4 Jul 2014

Cunliffe's man apology sparks debate

4:59 pm on 4 July 2014

An apology by Labour leader David Cunliffe for being a man has sparked debate about the issue of family violence

Mr Cunliffe told the audience at a Women's Refuge Symposium that family and sexual violence was perpetrated overwhelmingly by men against women and children, and apologised for being a man.

David Cuncliffe announces Labour's family violence package.

David Cuncliffe announces Labour's family violence package. Photo: RNZ / Natasha Bayler

But Prime Minister John Key called the apology insincere and insulting to imply all men were abusive.

Mr Cunliffe's apology has ignited debate on Twitter, with some people criticising it and saying not all men perpetrate violence.

But others are applauding him for personalising a serious issue and reinforcing the plan it launched today.

The apology came as the party launched what it called its action plan to tackle violence against women and children, committing an extra $60 million to frontline services.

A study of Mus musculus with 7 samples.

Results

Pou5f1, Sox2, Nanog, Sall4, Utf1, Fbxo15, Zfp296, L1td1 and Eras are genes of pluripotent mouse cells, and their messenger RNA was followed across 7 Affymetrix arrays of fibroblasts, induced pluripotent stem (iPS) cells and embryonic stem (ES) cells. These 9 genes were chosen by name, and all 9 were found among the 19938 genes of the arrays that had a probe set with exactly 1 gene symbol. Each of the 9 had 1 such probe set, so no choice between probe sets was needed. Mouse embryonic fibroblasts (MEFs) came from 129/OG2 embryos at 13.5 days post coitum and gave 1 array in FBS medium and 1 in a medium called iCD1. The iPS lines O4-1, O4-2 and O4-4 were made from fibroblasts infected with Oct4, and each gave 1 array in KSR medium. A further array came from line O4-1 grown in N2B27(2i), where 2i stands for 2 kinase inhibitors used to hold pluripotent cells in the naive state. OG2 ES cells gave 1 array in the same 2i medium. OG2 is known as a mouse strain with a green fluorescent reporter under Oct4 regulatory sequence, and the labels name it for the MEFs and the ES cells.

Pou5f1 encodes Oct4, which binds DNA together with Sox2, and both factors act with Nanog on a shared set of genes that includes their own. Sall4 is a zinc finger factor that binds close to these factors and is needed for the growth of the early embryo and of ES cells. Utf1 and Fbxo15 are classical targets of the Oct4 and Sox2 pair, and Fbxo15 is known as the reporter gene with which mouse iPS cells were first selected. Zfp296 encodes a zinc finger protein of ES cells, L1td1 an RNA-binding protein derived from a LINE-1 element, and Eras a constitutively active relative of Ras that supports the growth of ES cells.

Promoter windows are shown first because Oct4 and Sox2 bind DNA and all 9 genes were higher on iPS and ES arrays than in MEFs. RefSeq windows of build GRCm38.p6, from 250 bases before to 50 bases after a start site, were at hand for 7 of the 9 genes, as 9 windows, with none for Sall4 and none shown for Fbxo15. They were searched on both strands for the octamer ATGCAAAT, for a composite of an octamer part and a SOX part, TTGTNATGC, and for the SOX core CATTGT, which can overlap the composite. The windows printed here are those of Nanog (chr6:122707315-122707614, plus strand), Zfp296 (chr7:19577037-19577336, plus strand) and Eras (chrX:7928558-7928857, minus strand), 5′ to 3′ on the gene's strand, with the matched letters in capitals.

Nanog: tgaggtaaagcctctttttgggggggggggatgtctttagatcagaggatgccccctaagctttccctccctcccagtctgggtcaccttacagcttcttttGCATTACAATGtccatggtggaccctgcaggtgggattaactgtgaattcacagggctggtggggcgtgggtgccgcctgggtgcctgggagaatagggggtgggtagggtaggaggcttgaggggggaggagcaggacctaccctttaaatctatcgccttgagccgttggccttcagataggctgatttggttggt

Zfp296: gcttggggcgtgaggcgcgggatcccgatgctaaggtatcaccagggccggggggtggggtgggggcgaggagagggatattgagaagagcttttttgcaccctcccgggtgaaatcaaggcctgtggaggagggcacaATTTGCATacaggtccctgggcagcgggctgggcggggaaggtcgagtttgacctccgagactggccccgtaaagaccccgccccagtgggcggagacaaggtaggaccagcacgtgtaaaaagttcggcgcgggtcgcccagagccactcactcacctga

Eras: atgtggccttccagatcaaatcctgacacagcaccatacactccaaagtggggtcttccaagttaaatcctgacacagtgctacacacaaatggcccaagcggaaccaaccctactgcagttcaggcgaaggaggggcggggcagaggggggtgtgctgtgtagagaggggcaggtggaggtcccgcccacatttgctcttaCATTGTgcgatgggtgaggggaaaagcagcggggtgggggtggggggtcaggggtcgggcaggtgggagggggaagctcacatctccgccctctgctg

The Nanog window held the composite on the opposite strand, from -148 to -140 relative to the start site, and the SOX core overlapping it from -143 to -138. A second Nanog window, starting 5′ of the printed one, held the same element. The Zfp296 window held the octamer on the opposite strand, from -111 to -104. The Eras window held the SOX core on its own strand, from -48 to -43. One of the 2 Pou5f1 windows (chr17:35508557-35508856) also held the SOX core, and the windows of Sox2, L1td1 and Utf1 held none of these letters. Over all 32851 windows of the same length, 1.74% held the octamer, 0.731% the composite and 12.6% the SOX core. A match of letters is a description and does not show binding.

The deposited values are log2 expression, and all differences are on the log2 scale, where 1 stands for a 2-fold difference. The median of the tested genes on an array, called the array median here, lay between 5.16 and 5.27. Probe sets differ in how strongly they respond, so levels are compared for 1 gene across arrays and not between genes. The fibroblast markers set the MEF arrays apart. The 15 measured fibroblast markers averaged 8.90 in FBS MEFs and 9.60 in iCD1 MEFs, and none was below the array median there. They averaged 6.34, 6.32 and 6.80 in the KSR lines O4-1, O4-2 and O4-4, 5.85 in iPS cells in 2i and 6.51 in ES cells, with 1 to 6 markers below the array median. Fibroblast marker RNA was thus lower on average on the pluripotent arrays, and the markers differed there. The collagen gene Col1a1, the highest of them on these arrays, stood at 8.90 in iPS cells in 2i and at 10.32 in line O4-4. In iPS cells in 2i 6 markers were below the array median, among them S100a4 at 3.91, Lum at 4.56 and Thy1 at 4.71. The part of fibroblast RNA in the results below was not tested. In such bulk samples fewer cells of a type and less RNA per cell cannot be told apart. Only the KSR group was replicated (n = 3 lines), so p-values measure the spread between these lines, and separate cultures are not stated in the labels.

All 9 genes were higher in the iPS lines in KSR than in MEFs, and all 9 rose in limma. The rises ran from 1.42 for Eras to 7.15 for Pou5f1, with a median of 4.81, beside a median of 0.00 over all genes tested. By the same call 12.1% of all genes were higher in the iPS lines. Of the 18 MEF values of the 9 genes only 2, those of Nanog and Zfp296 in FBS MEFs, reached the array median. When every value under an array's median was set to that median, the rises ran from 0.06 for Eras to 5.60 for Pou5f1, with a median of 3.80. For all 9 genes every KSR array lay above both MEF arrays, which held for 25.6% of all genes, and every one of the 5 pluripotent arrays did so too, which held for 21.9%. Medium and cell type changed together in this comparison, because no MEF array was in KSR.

The launch comes just days after the Government launched a suite of measures which it believes will help reduce domestic violence.

Labour said leadership on the issue would come from the Department of Prime Minister and Cabinet.

It said it would commit an extra $60 million over four years to support frontline services, primary prevention and education and will include increased support for transitional housing.

Labour also planned to reform the justice system while protecting an individual's right to be presumed innocent, it said.

Social Development Minister Paula Bennett criticised Labour's plan, saying throwing more money at it would not solve the problem.

Ms Bennett said the only thing aspect of Labour's initiative was more funding.

"Actually, most of what they announced is what we have already announced this week and I am worried about just throwing more funding at the sector," she said.

"I think ... we need to look carefully at the evidence base of what is working."

But Women's Refuge chief executive Heather Henare welcomed the plan and said Labour Leader David Cunliffe was showing real leadership on the issue.

"I was impressed by his analysis and what he talked about in relation to the frontline, and understanding the complexity of violence out there but also understanding the need for a cross-party approach," she said.

Ms Henare has criticised the Government's announcement earlier this week, in which it aims to make greater use of technology to better protect victims of family violence and to monitor offenders.